TO colour, or not to colour? That is the question. Black and white, or shades of grey? That is the challenge.
Prize-winning painter Nigel Milsom has had his share of personal struggles and his public arrest and prison time has potentially overshadowed - or added to - the enigma of his paintings. It's therefore a timely and welcome chance for viewers to establish a real sense of Milsom's creative output at Sydney's Juniper Hall until May 17.
Gallerist Kerry Crowley has curated a mini-survey spanning 10 years - a prelude to Milsom's forthcoming exhibition. Dark and light link paintings together stylistically across the six rooms, revealing in the flesh that Milsom's blacks and whites are infected, almost bruised, with colour: his paint pulls no punches. This energetic but subtle control of media gets largely lost in reproduction, hence the revelation here for first-time audiences.
While Milsom's subjects may seem arbitrary, vaulting from martial artists to birds, telephones and portraits, each image is treated to the bravura painting necessary to truly realise the flash of an idea, a glimpse at grace, a dance around darkness or a flirtation with art history.
- OF dark, light and birds, but sharing little else with Milsom's chiaroscuro, Joanna O'Toole's Wind Shear at Curve Gallery evokes a breezy coastline. Using wire as drawing, airborne sculptures repeat the avian theme throughout. Ink, brush and organic form rely on the opposition of black and white and the chance element of watery wash and drip. Sculpture and drawing share a close relationship but one doesn't necessarily enlighten the other, however O'Toole brings lightness of touch to both.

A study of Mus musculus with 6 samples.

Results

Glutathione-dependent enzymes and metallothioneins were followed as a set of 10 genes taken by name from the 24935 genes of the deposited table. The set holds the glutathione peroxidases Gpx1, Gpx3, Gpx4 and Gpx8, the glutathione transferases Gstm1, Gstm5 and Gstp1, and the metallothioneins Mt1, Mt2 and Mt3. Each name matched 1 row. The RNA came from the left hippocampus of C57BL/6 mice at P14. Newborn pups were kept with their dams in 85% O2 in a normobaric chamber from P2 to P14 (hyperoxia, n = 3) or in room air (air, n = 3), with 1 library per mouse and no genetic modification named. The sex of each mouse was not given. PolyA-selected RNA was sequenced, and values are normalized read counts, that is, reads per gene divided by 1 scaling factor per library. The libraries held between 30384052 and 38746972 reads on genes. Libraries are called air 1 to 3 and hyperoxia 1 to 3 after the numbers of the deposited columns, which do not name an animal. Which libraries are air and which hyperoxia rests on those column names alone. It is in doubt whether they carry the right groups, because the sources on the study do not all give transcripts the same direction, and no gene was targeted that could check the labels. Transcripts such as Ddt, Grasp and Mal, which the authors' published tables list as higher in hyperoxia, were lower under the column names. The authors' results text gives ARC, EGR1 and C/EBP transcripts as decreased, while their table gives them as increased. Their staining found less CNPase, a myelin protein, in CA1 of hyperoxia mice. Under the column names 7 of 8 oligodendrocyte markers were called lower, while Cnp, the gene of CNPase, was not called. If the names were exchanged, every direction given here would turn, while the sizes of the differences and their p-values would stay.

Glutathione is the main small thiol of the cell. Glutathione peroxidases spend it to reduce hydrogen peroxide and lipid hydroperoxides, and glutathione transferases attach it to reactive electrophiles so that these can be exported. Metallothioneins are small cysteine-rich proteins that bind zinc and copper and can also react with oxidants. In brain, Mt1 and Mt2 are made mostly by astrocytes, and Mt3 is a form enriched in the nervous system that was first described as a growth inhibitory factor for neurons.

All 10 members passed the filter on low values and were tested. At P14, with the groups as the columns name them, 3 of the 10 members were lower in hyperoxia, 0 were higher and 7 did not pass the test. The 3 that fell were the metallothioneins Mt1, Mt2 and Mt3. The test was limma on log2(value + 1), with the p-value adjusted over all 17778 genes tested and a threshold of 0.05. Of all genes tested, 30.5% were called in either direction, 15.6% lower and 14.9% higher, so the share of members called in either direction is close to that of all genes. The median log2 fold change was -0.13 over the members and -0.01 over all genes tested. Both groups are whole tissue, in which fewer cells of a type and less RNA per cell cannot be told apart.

- BEN Kenning, recent honours graduate at the University of Newcastle has over-filled the diminutive Forsight Gallery with large-scale paintings and a range of lyrical drawings.
Kenning has mastered the calligraphic style of abstract figuration that I'm tempted to label a mix between New York graffiti-subway graduate Jean-Michel Basquiat and reclusive Australian modernist Ian Fairweather's imagery. Kenning's work is full of energy and he works hard. His 2012 residency in Beijing brought new insights to bear, and an upcoming Mumbai residency will likely do the same.
Testing the mark in bigger ponds is an essential step for ambitious artists with talent like Kenning's, and coming home is a double-edged sword.
- CHERIDAN Chard's first exhibition at Four Point Gallery coincides with study at Newcastle Art School (TAFE), where she intends to pursue painting. The photographs in Insightful suggest she could make interesting studio discoveries as her compositions of primarily urban themes are well crafted.
Glass, street-signs and reflection are more intriguing methods of image-making than the computer-enhanced work in an impressive introductory exhibition.
- THE ambience of a gallery as it expresses the director's aura, are as subjective as our private homes, and at C-Studios there's an atmosphere of happy chaos where more is more.
A playful, naïve joy is irrepressible in paintings by Fred Herbert who has welcomed the chance to exhibit as a senior artist: he does it with fearlessly eclectic style.
In the well-lit front gallery space, Gloucester art teacher Christopher Steele brings everything to the table in his Resonance de Femme: fluorescent colour, hard-edged composite imagery and sensuous, feminine nudes present a high-keyed frenetic pace. No chromophobia - fear of colour - here! Works on paper are my preference, but looking en mass it is hard to single out images and I must declare my pictorial agoraphobia: a fear of crowds of paintings (with apologies to genuine agoraphobics).
- PODSPACE has popped up right across the city this past year, with Newcastle Art Space representing a more conventional site.
Identity, as the name suggests, brings together a range of works from people with diverse experiences of disability. It is quintessential art therapy, presenting positive affirmations of difference rather than an ambitious exhibition. That said, there are some sensitive expressions to behold.
- FINALLY and sadly, Cessnock Regional Art Gallery has closed until further notice as Cessnock council has withdrawn funding. Director John Barnes has resigned, thanking all CRAGs supporters, especially the dedicated volunteers.